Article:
Notes towards a Panel on
Interdisciplinary Research
Bryn Mawr College
November 24, 2008

Laboring in the Cultural Commons

“It takes a capacious mind to play host to…others and to find new ways to combine what they have to offer....a mind willing to be taught, willing to be inhabited, willing to labor in the cultural commons.”

(Lewis Hyde, speaking from Harvard’s Berkman Center for Internet
and Society, in What Is Art For?, NYTimes Magazine, Nov. 14, 2008)

The role of the web

(An Attempt to Create a)
Tree of Academics Around the World

I. How I got here:
a child who loved to read, where there was no reading culture:
books as entry into other larger worlds than the one we inhabited

in college: the world opened up for me into a maze of texts
(to speak of 1, needed to read 'em all)

II. grad work in English @ Penn:
Larry Ziff's work on literature as an index to history
(my dissertation on popular sensational novels,
aesthetic patterns as a study in social dynamics)

but eventually bored with tiny project, small audience:
How had I dug myself into such a deep, narrow hole?
What happened to the exhilarating sense of expanse?

early publications very conventional:
recuperating neglected texts; expanding the canon
(a democratic project, but conventional literary methodologies)

III. Interdisciplinary conversations @ BMC:
"an undergraduate generalist"
"The Play of Interpretation" (Philosophy, Poli Sci)
Cultural Studies Reading Group (History, Philosophy)

Feminist and Gender Studies
working with social scientists, then scientists;
recovering the excitement of my undergrad work
(and getting a belated science education)

IV. Interdisciplinary teaching
Gender Studies courses:
Knowing the Body:
Interdisciplinary Perspectives on Sex and Gender

Playing with Categories:
Re-doing the Politics of Sex and Gender

Gender and Science:
Re-envisioning and Revising the Relation

College Seminars:
Food for Thought: The Omnivore's Dilemma

Storytelling as Inquiry: Questions, Intuitions, Revisions

Upper-level cross-listed courses:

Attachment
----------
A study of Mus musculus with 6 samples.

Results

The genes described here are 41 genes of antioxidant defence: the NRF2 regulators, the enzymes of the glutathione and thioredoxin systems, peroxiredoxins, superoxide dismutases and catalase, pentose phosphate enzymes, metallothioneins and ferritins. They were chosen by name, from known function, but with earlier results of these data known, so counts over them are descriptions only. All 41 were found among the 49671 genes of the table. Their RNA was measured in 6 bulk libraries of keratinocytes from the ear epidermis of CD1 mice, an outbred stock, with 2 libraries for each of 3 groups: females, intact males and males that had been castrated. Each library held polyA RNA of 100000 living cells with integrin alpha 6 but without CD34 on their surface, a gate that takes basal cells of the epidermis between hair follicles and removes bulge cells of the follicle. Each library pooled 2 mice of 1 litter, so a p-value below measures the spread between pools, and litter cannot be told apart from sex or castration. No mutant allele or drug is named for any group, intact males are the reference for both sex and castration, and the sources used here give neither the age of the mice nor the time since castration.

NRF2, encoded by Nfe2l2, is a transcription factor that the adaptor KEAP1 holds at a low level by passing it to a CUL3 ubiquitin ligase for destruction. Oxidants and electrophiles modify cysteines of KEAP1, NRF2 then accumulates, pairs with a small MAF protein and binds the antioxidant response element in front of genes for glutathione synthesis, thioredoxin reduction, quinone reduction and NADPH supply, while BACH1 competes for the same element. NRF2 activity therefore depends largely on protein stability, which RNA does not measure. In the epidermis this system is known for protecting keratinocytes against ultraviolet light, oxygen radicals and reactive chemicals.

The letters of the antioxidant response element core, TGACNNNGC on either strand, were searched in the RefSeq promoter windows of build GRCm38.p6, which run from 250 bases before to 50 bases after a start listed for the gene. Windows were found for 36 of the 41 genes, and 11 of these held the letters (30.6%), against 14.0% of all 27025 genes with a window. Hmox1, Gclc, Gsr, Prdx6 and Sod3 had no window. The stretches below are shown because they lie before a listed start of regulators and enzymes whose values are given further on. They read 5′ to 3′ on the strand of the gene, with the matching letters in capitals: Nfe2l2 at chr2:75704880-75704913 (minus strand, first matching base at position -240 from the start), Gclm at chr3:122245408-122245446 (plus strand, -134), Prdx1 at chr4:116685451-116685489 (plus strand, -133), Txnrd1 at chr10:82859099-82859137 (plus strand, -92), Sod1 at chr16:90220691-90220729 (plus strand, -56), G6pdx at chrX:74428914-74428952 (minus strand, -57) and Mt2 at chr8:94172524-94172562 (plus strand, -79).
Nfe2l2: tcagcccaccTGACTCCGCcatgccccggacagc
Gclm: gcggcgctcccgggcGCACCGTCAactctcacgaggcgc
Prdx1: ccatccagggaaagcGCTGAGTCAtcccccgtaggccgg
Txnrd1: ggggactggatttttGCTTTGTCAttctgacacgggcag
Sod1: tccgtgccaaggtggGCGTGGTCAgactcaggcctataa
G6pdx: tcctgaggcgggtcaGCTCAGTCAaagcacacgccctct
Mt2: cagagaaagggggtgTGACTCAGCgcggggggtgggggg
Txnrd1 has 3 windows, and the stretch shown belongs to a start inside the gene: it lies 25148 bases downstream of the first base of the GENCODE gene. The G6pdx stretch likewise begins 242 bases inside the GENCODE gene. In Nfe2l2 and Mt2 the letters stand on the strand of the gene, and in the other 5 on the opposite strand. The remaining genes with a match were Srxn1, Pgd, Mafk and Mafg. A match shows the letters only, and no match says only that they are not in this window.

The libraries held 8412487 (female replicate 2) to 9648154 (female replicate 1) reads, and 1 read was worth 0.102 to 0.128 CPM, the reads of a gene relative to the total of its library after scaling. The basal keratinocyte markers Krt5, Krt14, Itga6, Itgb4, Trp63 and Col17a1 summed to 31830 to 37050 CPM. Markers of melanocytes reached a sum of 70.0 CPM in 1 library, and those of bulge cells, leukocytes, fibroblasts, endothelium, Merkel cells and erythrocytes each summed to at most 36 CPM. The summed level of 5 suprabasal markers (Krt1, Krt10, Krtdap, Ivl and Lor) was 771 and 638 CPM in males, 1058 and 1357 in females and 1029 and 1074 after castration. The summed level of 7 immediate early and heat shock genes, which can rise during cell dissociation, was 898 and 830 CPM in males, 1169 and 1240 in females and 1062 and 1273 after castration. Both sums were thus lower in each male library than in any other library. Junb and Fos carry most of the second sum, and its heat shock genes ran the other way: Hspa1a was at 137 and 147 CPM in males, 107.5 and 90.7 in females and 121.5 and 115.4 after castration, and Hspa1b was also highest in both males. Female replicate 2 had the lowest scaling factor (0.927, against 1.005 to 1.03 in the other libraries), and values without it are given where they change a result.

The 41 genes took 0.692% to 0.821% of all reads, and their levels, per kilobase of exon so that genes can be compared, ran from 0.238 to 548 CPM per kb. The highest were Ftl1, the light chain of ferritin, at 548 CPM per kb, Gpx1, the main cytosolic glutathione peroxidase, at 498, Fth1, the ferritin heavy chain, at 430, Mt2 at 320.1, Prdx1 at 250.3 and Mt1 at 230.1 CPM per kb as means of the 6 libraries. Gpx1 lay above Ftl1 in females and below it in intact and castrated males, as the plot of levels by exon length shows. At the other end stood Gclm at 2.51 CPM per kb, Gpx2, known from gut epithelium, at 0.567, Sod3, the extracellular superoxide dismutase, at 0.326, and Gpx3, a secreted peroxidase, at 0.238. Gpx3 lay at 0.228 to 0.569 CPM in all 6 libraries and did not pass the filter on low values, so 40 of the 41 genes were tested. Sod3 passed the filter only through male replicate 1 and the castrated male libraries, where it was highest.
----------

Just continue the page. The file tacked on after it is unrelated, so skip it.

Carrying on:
Biology/English 223:
The Story of Evolution/The Evolution of Stories

Computer Science/English 257: Gender and Technology

V. all of that led, finally, to collaborative writing

the first of these essays were about teaching:
"Three Dimensional Story Telling:
An Exploration of Teaching Reading, Writing, and Beyond."

Journal of Teaching Writing 23 (1): 91-114.

Center for Science in Society discussion groups
publish special issues of academic journals
(Bryn Mawr Now, May 13, 2008)

4 Current projects:
--with an educational theorist on "Teaching Intersections:
Constructing a Community of Teachers at the
Crossroads of Intention and Interaction"

--with a biologist on "Changing Science Pedagogy:
Beyond the Quest for Certainty"
(under review with the Journal of Science Teacher Education)

--with a(nother) biologist on "The Evolution of Literature"

--with my (recent! ex!) therapist on "The Problem of an Ending"
(how do psychoanalysts talk about termination?
how do lit crits talk about shaping an ending, aesthetically?
what can they learn from and teach one another?)

VI. what it's like: you get
  • built-in audience with same investment in project
  • the advantage of difference-->
"Each of our eyes provides a slightly different view of the same scene and together they give us stereoscopic depth perception, enable us better to see three dimensions. Receiving the perspective of two disciplines, like processing signals from both a right and a left eye, results not in shallow vision but in seeing more deeply." (Teaching to Learn/Learning to Teach)
  • complexity of scheduling/dance of editing, but....

  • also of outcome
a student's description: Reading this essay made me think about how collaborative this was. It seemed like a partial answer to [the] challenge to create a...compassionate, commited, collaborative, concurrent and community-generated education. Perhaps by collaborating across disciplines we can create a diverse enough community to answer the problems of singular disciplines in educating students.